ROME, ITALY — The United Nation’s Food and Agriculture Organization’s (FAO) Food Price Index was down for a third consecutive month in June, a decline mostly influenced by lower wheat, maize and palm oil prices that reflected ample supplies and improved global production prospects for these commodities, the FAO said on July 3.
According to the latest FAO Crop Prospects and Food Situation report, the outlook for global production of cereals — a staple food in many countries — improved further with upward revisions to coarse grains and wheat supply forecasts for 2014-15.
FAO's latest forecast for world cereal production in 2014 now stands at 2.498 billion tonnes (including rice in milled terms), 18 million tonnes up from the previous figure in June, although still 1% (23 million tonnes) below last year's record output. The recent upward revision reflects improved production prospects for coarse grains and wheat crops, particularly in the U.S., the E.U. and India.
However, despite increased supplies and lower average prices, many people in conflict and drought stricken areas require external assistance for food, said the report, which has a special focus on developing countries and is published by FAO four times a year.
The Food Price Index, based on the prices of a basket of internationally-traded food commodities, averaged 206 points in June 2014, down 3.8 points (1.8%) from May and nearly 6 points (2.8%) below the June 2013 level.
The index had risen to a 10-month high of 213 points in March, but fell in April, May and June, mainly as a result of lower cereal, vegetable oil and dairy prices. Sugar prices also declined in June from May, but remained up from last year, while in contrast, meat prices on average increased from May.
The FAO Cereal Price Index averaged 196.2 points in June, down 10.9 points (5.2%) from a revised value in May and 36.1 points (15.6%) below last year. The slide was mainly caused by lower wheat and maize prices, both of which fell by close to 7% amid further improved crop prospects and diminishing concerns over possible disruption of shipments from Ukraine.
Vegetable oils averaged 188.9 points in June, down 6.4 points (3.3%) from May, in part reflecting a 9-month low in the price of palm oil - the most widely traded edible oil.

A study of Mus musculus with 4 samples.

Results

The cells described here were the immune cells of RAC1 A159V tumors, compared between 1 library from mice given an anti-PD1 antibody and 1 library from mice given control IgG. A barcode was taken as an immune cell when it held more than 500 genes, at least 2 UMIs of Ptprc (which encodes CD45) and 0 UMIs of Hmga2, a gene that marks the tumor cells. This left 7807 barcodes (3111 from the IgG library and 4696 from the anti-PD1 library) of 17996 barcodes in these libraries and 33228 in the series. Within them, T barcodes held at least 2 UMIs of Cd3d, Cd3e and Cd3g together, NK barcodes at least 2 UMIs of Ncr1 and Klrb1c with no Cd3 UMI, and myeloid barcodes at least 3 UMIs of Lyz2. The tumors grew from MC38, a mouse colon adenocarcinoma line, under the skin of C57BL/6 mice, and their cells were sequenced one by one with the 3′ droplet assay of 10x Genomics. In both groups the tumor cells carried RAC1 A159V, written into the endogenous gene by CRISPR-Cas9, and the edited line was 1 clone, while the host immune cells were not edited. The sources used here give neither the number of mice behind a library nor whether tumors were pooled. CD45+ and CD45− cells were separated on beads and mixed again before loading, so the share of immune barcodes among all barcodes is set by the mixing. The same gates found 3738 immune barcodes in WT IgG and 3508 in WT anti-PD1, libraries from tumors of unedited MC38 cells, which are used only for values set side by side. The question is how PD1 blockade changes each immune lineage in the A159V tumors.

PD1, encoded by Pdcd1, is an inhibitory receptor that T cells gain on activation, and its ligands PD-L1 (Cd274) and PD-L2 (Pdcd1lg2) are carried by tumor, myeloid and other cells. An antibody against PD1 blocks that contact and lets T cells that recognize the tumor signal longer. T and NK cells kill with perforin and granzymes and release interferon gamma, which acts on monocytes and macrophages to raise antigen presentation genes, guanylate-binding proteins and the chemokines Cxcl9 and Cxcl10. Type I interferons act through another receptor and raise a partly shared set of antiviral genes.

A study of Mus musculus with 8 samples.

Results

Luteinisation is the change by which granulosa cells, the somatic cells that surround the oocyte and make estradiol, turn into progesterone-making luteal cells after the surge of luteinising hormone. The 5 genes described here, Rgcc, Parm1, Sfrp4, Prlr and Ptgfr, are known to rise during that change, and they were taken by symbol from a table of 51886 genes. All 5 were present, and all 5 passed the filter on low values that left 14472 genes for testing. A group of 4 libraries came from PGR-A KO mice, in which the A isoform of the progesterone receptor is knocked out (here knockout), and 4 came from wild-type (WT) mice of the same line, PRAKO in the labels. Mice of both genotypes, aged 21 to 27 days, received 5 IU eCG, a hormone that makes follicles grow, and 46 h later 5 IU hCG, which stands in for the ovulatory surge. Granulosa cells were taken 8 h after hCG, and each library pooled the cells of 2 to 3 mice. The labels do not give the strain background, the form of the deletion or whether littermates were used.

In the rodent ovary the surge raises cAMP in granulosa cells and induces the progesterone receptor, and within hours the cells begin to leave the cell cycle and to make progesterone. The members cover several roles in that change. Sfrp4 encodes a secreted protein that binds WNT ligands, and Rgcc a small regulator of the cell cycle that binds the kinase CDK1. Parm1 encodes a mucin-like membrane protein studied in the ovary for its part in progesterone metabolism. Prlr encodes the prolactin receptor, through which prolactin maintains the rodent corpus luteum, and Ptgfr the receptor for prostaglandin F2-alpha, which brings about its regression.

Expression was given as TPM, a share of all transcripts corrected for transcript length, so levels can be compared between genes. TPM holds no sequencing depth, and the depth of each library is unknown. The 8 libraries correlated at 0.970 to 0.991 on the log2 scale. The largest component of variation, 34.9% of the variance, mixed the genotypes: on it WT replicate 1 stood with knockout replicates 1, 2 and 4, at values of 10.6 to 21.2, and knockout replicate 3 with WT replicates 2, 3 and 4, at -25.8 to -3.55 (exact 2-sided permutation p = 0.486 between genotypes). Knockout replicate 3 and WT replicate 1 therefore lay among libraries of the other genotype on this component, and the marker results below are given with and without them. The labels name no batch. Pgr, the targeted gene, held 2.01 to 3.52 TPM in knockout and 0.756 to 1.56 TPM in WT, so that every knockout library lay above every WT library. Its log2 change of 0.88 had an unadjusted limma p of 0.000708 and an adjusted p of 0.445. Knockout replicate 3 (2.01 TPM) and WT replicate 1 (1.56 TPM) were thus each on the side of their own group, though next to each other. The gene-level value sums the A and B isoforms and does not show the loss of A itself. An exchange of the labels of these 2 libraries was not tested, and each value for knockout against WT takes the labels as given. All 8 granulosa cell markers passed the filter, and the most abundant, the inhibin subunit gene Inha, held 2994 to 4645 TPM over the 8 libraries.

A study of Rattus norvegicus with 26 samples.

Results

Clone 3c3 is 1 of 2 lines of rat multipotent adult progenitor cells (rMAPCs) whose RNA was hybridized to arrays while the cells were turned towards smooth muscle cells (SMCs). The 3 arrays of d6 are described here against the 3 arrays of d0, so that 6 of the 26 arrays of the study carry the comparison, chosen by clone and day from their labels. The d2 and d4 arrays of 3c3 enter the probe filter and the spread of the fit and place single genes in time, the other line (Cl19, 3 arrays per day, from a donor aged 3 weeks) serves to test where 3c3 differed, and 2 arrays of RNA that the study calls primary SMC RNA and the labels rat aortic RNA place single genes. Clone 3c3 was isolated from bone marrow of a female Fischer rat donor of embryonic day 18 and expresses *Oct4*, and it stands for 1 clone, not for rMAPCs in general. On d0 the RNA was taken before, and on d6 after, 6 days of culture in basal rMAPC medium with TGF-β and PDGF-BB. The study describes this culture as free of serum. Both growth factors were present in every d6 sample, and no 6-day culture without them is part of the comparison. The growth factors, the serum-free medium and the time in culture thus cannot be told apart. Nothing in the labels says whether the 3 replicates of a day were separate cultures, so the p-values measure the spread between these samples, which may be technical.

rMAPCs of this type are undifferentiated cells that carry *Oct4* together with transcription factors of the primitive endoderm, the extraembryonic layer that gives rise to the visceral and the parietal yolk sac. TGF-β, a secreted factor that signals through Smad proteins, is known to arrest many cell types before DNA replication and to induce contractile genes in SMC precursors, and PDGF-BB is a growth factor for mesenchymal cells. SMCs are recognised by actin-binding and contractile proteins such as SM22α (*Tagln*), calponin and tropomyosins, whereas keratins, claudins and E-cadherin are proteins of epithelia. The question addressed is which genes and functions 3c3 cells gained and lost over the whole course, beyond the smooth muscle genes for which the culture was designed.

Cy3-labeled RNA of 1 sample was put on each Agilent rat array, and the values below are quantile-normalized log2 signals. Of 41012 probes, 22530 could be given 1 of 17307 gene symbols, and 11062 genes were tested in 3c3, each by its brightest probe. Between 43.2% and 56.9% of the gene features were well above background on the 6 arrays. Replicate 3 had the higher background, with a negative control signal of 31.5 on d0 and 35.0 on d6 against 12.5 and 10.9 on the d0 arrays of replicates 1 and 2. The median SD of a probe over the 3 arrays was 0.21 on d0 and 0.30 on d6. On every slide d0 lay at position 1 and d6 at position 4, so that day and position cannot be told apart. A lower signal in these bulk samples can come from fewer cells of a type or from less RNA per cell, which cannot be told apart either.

Meanwhile dairy prices averaged 236.5 points in June, down 2.5 points (1%) over May, a less substantial decline than the previous three months.
Meat prices however edged up, averaging 194.2 points in June on the FAO Index and 1.4 points (0.7%) more than in May, a reflection of constrained world supplies.
While confirming the generally favorable crop production and supply outlook for 2014-15, the FAO Crop Prospects and Food Situation report warned that many people around the world face a situation of food insecurity.
FAO estimates that globally 33 countries, including 26 in Africa are in need of external assistance due to a combination of conflict, crop failures and high domestic food prices.
Strife in the Central African Republic has jeopardized crop production which in 2013 declined by 34% from the previous year. The number of people in need of food assistance was estimated in April 2014 at about 1.7 million, out of a total population of 4.6 million. The number of internally displaced persons as of late June, was estimated at 536,500 persons.
Continued and escalating conflicts in parts of Eastern Africa are threatening local people's access to food, while drier-than-normal weather conditions could threaten crops and livestock.
In Somalia about 870,000 people are estimated to be in need of emergency assistance, mainly internally displaced persons and poor households in some pastoral central and northwestern areas.
In South Sudan, since the conflict started in mid-December 2013, the number of severely food insecure people increased dramatically to about 3.5 million, including 1.1 million internally displaced persons.
The number of people estimated to be in need of humanitarian assistance in Sudan, mainly internally displaced persons in conflict-affected areas, has increased to 5 million.
Adverse weather conditions and an escalation of conflicts in Syria and Iraq have negatively impacted on crop production and food security in those countries. In Syria, forecasts of about 2 million tonnes of wheat indicate a severe reduction in cereal crop production while in Iraq where there are reports of deteriorating access to drinking water, food security conditions are likely to deteriorate.